The time has now come to tell the full story of how the government betrayed the Jewish community over "universal jurisdiction". In more than a decade of covering UK politics, I have never known a story quite like this.

    It is now three months since David Miliband and Gordon Brown pledged to change the law that allowed an arrest warrant to be issued for Israeli opposition leader Tzipi Livni.

    Last Thursday, the Prime Minister wrote an article for the Telegraph reaffirming his commitment to a change in the law (although, tellingly, he did not mention Israel by name). Within hours, Justice Secretary Jack Straw had issued a ministerial statement announcing a consultation exercise on the law change that means nothing will happen until after the election.

    From the outset, Jack Straw has never been convinced and has done everything in his power to undermine attempts to introduce law change. For students of dirty politics, Mr Straw's actions since last December are a masterclass in ministerial skulduggery.

    The Justice Secretary has a reputation for being the wiliest old fox in the Labour government. His latest manoeuvrings show that he hasn't lost his touch. With a closing date of April 6 for submissions to the consultation, there will now be no time to pass a new law before the election campaign begins.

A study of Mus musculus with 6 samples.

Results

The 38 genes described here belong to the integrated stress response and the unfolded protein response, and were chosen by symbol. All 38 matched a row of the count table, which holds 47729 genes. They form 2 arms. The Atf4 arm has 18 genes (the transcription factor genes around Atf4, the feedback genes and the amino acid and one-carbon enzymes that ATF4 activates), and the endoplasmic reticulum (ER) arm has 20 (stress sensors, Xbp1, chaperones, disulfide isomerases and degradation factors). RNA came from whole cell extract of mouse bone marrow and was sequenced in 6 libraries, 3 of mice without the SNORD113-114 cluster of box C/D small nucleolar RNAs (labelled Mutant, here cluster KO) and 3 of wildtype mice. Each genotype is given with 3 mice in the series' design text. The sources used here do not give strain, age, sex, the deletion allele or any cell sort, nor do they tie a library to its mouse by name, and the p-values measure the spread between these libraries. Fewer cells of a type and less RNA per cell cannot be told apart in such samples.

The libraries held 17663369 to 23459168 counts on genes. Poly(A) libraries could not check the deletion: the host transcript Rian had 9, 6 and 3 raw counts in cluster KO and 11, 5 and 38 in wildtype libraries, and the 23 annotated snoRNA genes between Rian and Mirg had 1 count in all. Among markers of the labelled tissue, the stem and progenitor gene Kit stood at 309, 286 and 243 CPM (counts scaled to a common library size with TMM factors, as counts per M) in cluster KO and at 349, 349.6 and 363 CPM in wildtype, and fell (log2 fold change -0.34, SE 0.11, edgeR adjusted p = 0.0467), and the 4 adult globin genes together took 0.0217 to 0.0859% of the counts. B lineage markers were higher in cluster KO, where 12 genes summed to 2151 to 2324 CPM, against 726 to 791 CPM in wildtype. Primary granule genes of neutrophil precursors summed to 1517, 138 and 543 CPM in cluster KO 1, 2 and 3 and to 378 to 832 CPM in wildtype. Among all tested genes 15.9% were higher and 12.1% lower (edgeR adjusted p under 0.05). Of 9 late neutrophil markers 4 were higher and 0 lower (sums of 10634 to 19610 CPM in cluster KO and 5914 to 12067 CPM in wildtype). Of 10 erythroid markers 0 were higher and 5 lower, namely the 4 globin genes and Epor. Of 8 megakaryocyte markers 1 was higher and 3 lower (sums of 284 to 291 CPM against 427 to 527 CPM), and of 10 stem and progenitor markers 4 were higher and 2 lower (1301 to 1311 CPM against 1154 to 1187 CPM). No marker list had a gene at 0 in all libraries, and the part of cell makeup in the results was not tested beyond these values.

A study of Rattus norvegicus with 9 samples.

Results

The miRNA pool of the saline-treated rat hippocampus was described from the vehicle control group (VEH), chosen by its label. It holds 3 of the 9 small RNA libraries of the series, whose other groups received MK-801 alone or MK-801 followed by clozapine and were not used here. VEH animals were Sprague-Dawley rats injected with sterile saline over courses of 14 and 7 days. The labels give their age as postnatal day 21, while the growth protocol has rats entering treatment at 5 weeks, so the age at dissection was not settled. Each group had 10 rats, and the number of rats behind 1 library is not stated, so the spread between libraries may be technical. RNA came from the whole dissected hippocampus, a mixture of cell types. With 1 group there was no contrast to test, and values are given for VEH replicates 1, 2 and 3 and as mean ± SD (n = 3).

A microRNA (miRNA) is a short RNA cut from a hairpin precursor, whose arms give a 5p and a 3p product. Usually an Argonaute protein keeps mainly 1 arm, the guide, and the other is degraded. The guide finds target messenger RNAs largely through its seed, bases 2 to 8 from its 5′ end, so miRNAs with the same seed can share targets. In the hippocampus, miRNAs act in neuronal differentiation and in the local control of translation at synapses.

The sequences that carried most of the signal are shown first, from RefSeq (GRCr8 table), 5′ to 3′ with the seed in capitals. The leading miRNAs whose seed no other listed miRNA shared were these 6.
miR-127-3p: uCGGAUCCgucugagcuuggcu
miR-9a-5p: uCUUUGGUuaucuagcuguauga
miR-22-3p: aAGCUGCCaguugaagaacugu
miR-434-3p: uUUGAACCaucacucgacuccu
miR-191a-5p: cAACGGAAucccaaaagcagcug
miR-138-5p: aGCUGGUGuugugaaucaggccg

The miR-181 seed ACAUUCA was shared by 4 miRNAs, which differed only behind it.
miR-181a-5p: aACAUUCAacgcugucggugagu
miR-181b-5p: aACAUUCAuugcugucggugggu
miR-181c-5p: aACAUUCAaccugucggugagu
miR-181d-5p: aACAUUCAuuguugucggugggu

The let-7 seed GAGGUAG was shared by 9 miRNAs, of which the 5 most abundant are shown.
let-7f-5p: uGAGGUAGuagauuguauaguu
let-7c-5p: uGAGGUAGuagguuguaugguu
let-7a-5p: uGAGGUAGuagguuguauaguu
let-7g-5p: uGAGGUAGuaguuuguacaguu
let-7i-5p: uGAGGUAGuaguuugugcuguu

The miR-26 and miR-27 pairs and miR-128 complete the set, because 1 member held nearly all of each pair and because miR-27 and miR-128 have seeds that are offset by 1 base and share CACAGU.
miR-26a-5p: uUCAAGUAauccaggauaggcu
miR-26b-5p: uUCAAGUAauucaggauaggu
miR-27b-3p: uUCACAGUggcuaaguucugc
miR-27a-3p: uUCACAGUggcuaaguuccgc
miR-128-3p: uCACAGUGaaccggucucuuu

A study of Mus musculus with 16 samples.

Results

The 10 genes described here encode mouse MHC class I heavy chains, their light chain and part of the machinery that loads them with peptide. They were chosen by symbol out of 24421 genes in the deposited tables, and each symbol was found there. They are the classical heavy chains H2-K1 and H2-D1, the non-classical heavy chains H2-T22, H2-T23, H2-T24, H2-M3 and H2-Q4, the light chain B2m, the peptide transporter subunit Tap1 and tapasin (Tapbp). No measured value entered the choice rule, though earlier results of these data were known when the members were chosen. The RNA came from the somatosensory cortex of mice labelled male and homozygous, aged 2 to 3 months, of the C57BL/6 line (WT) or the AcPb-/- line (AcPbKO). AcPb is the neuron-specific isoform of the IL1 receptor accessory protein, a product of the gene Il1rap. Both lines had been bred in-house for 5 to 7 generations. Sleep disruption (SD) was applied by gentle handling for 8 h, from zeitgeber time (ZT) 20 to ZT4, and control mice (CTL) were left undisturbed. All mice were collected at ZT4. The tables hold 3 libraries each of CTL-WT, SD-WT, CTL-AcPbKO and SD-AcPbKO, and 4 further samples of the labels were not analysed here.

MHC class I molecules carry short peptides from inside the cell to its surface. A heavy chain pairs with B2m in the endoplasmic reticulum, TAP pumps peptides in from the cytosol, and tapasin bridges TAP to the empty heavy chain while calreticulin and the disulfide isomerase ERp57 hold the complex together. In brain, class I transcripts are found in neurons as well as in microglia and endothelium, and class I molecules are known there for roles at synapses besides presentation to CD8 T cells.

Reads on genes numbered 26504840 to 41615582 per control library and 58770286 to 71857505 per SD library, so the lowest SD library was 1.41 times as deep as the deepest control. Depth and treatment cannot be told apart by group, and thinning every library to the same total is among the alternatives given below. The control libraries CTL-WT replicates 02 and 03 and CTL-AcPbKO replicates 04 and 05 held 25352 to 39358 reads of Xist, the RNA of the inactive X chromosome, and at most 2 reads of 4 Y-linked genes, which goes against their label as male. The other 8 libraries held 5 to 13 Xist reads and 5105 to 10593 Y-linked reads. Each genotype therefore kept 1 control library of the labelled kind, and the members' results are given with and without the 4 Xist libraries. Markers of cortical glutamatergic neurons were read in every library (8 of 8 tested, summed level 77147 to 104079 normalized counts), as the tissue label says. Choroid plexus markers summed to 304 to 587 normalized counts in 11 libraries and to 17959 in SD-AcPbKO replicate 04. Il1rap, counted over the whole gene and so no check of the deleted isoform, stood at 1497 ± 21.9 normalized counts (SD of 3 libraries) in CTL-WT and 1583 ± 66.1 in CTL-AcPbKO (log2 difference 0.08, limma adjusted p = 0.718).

Thus, Mr Straw has successfully outwitted the Foreign Secretary and the Prime Minister and faced down pressure from the Israeli government and the UK Jewish community.

    After the JC reported on January 7 that Jack Straw was blocking the legislation, I received a call from the Justice Secretary's special adviser, Mark Davies, who had clearly watched one too many episodes of The Thick of It. I will save JC readers the expletives, but he explained that the Justice Secretary was full square behind the plans to change the law. I would soon see how wrong I was, he explained, because the government's plans were to be announced the following week.

    I asked for an on-the-record quote and Straw obliged with the following words: "I am keen to resolve this issue and am urgently discussing it with colleagues across government. We hope to come forward with proposals very soon." I took Mr Davies at his word, but this turned out to be a mistake.

    Throughout this process, sources at the highest level of the Foreign Office and Downing Street have warned me that Jack Straw intended to torpedo the change in the law. Again, I will save readers details of the colourful language used about the Justice Secretary.

    As January turned to February, Mr Straw began carefully to shift his argument. Where early delays had been explained by legal technicalities, now the problem became political: the growing resistance to the law change among Labour backbenchers. Mr Straw was now saying that he didn't want to "break the crockery".

    By March, it had become a matter of judicial principle. Now Mr Straw argued that there could be no law change without further consultation.

    It was the master stroke. And the final betrayal. I believe Gordon Brown and David Miliband wanted to change the law. But they were outmanoeuvred.

    The Board of Deputies and the Jewish Leadership Council assumed they were negotiating in good faith. They will not make that mistake again.